Sudan’s civil war has caused mass displacement, prompting the UN to call for immediate assistance from the international community. The rival factions of the Sudanese army- the Sudanese Armed Forces (SAF) and the paramilitary Rapid Support Forces (RAF)- have been engaged in warfare since April 15, 2023 and the last few months have witnessed the displacement of countless people. As per UN news, as many as 6 million people have been displaced within Sudan and another “1.7 million civilians have sought refuge across borders in South Sudan, Chad, Ethiopia, Egypt, the Central African Republic, and Libya”.
IOM Appeals For Funds
UN news further reported that The International Organization for Migration (IMO) has made an appeal for $307 million to help those afflicted by the war including the “internally displaced individuals, refugees, returnees and third-country nationals”.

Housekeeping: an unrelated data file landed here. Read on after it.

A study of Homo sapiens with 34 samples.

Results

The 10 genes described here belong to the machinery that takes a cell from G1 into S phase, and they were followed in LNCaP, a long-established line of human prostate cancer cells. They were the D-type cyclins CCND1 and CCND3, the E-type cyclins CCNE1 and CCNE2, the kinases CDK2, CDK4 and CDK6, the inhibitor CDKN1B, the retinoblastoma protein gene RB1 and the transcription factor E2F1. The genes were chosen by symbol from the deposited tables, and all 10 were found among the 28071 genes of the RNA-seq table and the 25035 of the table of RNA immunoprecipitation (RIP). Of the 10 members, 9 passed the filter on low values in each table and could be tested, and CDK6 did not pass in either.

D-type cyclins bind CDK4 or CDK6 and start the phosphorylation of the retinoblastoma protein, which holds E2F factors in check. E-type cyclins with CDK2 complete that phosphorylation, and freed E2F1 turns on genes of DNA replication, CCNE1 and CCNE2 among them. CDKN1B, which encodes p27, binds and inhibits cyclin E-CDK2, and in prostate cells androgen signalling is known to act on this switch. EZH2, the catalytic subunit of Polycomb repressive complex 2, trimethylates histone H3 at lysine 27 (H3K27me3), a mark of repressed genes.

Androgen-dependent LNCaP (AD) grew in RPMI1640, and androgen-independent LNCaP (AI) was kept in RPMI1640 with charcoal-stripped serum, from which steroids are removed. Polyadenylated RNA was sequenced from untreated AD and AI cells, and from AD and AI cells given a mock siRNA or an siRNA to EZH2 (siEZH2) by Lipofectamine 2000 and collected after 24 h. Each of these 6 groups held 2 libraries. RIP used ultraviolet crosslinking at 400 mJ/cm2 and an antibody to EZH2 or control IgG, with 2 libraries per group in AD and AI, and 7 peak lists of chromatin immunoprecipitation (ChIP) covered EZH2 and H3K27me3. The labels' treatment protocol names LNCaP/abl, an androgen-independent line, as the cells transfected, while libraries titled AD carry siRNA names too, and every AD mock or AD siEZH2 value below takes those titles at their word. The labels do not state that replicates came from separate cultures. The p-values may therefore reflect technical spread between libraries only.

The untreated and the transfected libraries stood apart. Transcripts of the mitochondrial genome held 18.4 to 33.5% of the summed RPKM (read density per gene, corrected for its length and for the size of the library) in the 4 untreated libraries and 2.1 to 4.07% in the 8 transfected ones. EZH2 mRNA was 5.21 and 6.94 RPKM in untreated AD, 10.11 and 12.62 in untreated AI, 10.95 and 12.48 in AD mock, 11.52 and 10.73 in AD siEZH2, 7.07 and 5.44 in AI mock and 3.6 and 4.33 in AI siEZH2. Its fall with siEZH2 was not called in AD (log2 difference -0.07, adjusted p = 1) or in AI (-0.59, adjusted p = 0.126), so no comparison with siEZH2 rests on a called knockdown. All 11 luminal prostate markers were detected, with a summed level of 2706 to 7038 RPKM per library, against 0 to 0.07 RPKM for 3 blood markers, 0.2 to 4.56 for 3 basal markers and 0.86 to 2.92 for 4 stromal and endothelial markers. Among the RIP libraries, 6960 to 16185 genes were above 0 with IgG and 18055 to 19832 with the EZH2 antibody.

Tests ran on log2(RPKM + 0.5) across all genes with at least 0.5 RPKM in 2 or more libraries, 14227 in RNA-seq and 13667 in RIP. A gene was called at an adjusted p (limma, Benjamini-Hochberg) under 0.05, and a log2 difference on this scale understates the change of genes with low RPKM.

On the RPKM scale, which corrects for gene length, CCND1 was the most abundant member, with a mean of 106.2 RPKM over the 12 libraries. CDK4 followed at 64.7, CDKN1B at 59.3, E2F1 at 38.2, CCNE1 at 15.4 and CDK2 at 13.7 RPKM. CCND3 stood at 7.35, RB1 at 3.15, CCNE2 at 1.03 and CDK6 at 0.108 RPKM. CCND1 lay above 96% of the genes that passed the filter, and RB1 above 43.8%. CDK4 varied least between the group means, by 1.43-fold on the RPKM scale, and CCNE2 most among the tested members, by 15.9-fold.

The war has breached various international humanitarian laws and violation of human rights as well as an increase in ethnic violence against the African Masalit community.
Human rights expert Radhouane Nouicer, on Wednesday, January 17, expressed his concerns regarding the rising tensions in Sudan and called for an immediate end to the war-induced atrocities.
Source of Sudan’s Turbulence
The north African country has always been subjected to political turbulence. Its key resources-in the form of oil and gold- and strategic geopolitical location has rendered the region vulnerable to internal conflicts between various interest groups. The latest hostilities between SAF’s Army General Abdel Fattah al-Burhan and RSF leader General Mohamed Hamdan Dagalo (Hemedti) is mainly the result of the latter’s reluctance towards being integrated with the governments armed forces. Hemedti is known for engaging in various illegal trading activities and gold mining, the incorporation will thus, inevitably lead to him losing his political and economic leverage.
The individual interests of the groups has thereby, rendered the country volatile, leaving its citizens under the perils of humanitarian crises.